Pregnant Women Now Allowed Partner With Them At All Times Under New COVID NHS Guidelines
Pregnant women will be allowed to have their partner alongside them at all times under the NHS’s new COVID-19 guidelines.
Due to the current pandemic, pregnant women weren’t allowed to have their birthing partner with them at all stages. While it depended on where people lived, partners weren’t allowed to attend baby scans and midwife appointments.
However, the NHS has since relaxed its rules, allowing someone to be with them throughout the pregnancy, during labour, birth and their postnatal period as long as they aren’t exhibiting any symptoms of coronavirus.
The guidelines come after a new document was published on Monday, December 14, titled: ‘Supporting pregnant women using maternity services during the coronavirus pandemic: Actions for NHS providers.’
It explains: ‘Pregnant women value the support from a partner, relative, friend or other person through pregnancy and childbirth as it facilitates emotional wellbeing and is a key component of safe and personalised maternity care.’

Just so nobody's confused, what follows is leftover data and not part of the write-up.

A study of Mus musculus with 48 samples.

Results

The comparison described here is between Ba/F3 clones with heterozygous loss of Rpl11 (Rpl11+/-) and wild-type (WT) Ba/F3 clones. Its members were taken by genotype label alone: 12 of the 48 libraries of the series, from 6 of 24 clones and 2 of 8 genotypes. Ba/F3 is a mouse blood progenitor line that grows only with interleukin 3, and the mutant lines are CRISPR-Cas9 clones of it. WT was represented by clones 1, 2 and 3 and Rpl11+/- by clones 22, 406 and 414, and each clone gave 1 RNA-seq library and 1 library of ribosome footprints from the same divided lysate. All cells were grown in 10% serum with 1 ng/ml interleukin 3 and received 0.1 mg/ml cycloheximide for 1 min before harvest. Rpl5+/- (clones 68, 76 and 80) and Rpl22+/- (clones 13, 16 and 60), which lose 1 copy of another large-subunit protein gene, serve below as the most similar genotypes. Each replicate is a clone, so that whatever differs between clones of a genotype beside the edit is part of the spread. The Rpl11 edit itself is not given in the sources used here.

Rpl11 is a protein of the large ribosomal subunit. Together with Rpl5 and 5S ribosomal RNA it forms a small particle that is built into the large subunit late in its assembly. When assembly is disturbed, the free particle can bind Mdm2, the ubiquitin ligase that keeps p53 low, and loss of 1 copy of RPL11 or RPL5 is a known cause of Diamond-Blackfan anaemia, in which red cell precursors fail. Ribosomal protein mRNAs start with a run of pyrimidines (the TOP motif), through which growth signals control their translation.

The document adds: ‘It is therefore our aim, further to a risk assessment, that a woman should have access to support from a person of her choosing at all stages of her maternity journey and that all trusts should facilitate this as quickly as possible.’
At the time of writing, the UK has seen more than 1.89 million confirmed cases of coronavirus and 64,908 deaths.
It notes: ‘At the same time it is our priority to prevent and control COVID-19 infection and keep women and staff safe. Many trusts have already found creative solutions to overcome remaining challenges and they have maximised the support that pregnant women can receive throughout their pregnancy. It is important now that all trusts do this.’
Health chiefs are also being asked to perform risk assessments for each stage of their maternity services, in order to assess whether there’s any increased chances of transmitting the virus if a birthing partner is present, advising that any issues should be handled with ‘appropriate infection prevention and control measures’ including training and PPE.
Mums and their partners should also be tested for COVID-19 before they attend 12 and 20 week scans, as well as other maternity-related appointments.
Birthrights, a UK charity which promotes and protects respectful care during pregnancy and childbirth, welcomed the changes.
In a statement, the organisation wrote: ‘We applaud the dedication of maternity professionals across the UK who are working tirelessly to deliver the best possible care in a fast-moving situation. Despite the challenges the NHS now faces we all remain united in the belief that every woman needs safe, respectful and compassionate care during pregnancy and birth.’